Why Is It So Hard To Stop Drug Abuse?
Many people fall victim to drug and alcohol addiction after their continued use. Once addicted, it can be tough for them to stop drug use because of the physical and psychological effects it has on the human body and brain.
The way alcohol and drugs alter the brain is that they affect the production of neurotransmitters in the brain, which are responsible for various emotions such as pleasure, happiness, and mood. The brain uses neurotransmitters such as dopamine, serotonin, and noradrenaline to send messages throughout the body. The drugs increase or decrease the production of these neurotransmitters, which, in turn, helps you achieve the ‘high’ feeling of euphoria. This increases the drive of retaking the drug to keep achieving that enjoyable feeling.
With this artificial increase or decrease in neurotransmitters, the brain adjusts accordingly by increasing or reducing their natural production. The brain and body adapt to this new normal and develop a tolerance for the drugs. When you try to quit drug use, the body reacts to the sudden change of neurotransmitters, and you experience withdrawal symptoms that can be physical, psychological, or both. To avoid these unpleasant withdrawal symptoms, people continue taking drugs or alcohol, and this is what makes it very hard to stop taking drugs and prevent relapse.
What Are The Hardest Drugs To Quit?
When it comes to stopping drug use, whatever drug one is addicted to can be challenging to quit. However, certain drugs can be considered the hardest to quit based on how they affect the brain, and the feelings users experience during their abuse. These drugs usually affect the production and absorption of the neurotransmitter dopamine. Dopamine is responsible for the sense of pleasure while also changing the willpower, mood regulation, and memory of the user. With continued use, the body becomes dependent on these drugs, which further makes it difficult for them to quit.
Some of the hardest addictions to quit are listed below:
- Cocaine – is a powerful stimulant drug that is usually snorted, smoked, or injected. It acts rather fast and provides users with the experience of intense pleasure, excitement, and alertness. Its withdrawal symptoms include irritability, restlessness, depression, anxiety, as well as suicidal thoughts and actions.
- Heroin – is an illegal opioid drug that is also snorted, smoked, or injected. It provides a feeling of high for the users that encourages them to continue taking the drug. Upon withdrawal, it results in shakes, chills, muscle aches, nausea, and other symptoms.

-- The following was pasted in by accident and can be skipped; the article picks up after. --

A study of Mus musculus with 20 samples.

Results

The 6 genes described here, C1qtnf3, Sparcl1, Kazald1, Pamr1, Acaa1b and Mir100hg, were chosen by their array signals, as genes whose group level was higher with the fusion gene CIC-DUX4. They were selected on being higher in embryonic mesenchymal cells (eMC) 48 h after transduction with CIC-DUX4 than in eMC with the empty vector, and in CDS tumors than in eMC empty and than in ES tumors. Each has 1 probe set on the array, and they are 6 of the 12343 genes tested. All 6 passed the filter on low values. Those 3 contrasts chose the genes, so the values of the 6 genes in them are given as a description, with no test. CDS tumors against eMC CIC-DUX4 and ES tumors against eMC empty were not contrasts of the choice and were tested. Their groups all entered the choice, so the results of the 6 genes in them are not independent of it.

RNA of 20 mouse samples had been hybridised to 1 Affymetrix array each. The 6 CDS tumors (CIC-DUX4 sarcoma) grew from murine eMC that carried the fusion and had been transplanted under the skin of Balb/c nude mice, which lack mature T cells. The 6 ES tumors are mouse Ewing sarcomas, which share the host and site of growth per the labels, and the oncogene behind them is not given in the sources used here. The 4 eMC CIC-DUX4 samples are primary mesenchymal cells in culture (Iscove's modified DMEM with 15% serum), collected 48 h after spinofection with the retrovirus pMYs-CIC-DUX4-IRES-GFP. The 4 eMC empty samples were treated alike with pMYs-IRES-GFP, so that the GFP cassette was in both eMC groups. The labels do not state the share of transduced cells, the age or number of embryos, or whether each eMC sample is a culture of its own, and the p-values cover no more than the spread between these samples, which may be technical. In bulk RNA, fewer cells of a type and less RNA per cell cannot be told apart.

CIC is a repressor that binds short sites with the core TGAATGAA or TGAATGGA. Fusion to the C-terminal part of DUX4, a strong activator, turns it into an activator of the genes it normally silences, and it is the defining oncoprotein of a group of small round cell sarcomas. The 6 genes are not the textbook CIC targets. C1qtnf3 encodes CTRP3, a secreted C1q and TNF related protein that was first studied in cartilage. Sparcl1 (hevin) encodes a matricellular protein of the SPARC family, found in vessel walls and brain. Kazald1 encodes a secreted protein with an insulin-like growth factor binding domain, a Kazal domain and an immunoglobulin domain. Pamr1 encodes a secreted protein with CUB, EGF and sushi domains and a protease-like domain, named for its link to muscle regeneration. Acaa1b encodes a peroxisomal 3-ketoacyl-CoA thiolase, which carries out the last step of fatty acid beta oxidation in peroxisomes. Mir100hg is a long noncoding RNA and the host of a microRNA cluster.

- Prescription Opioids – prescription opioids include Vicodin, Oxycodone, Fentanyl, Morphine, and others. Apart from the rush of pleasure, opioids also result in pain relief and muscle relaxation. Its withdrawal symptoms include chills, shakes, depression, irritation, and lack of mental clarity.
- Methamphetamine – it is abused in its powder or crystal form (crystal meth) by smoking, snorting, or injecting. It results in a powerful feeling of high but is also accompanied by psychosis, aggression, and violence. It causes depression, anxiety, and psychosis as withdrawal symptoms.
- Benzodiazepines – these include prescription sedatives such as Valium, Ativan, Xanax, and other drugs. It provides users with relaxation, better sleep, and lowering anxiety levels. When users try to stop their abuse, they may experience severe symptoms such as hallucinations, seizures, and sensory sensitivity.
- Nicotine – is the main ingredient in cigarettes and creates an enhanced mood for the users within seconds of inhaling it. Its withdrawal symptoms include irritability, anxiety, concentration difficulties, and powerful cravings to retake it.
- Alcohol – this is one of the most commonly abused substances whose withdrawal can cause symptoms such as headaches, insomnia, dizziness, depression, nausea, and some severe symptoms.
What Is The Most Successful Way To Stop Doing Drugs?
How to quit drugs? Anyone who wants to quit addiction to drugs or alcohol should enroll in a professional addiction treatment program at a rehabilitation center. These treatment programs comprise different sub-programs in different settings to enable users with a wide range of recovery options. These include inpatient residential treatment programs, outpatient treatment programs, and other therapies and treatment modalities. Seek best rehab centers in your area with the help of this locator tool made by Addiction Resource or any other analogs you prefer.
All these programs utilize:
- evidence-based treatment options and therapies,
- cognitive behavioral therapy,
- dialectical behavioral therapy,
- eye movement desensitization and reprocessing (EMDR),
- art therapy,
- music therapy,
- equine therapy,
- 12-step programs,
as well as other holistic treatment options.
All these therapies are offered in a safe and supervised environment that is conducive to healing. Therefore, users who find it very hard to quit drugs on their own are provided with an environment that helps them overcome addiction and stay sober through continued aftercare support and meetings. Based on this study about the key to addiction treatment success, comprehensive assessment, and monitoring of symptoms and behavioral change are necessary that can only be made possible in a professional rehabilitation center or program.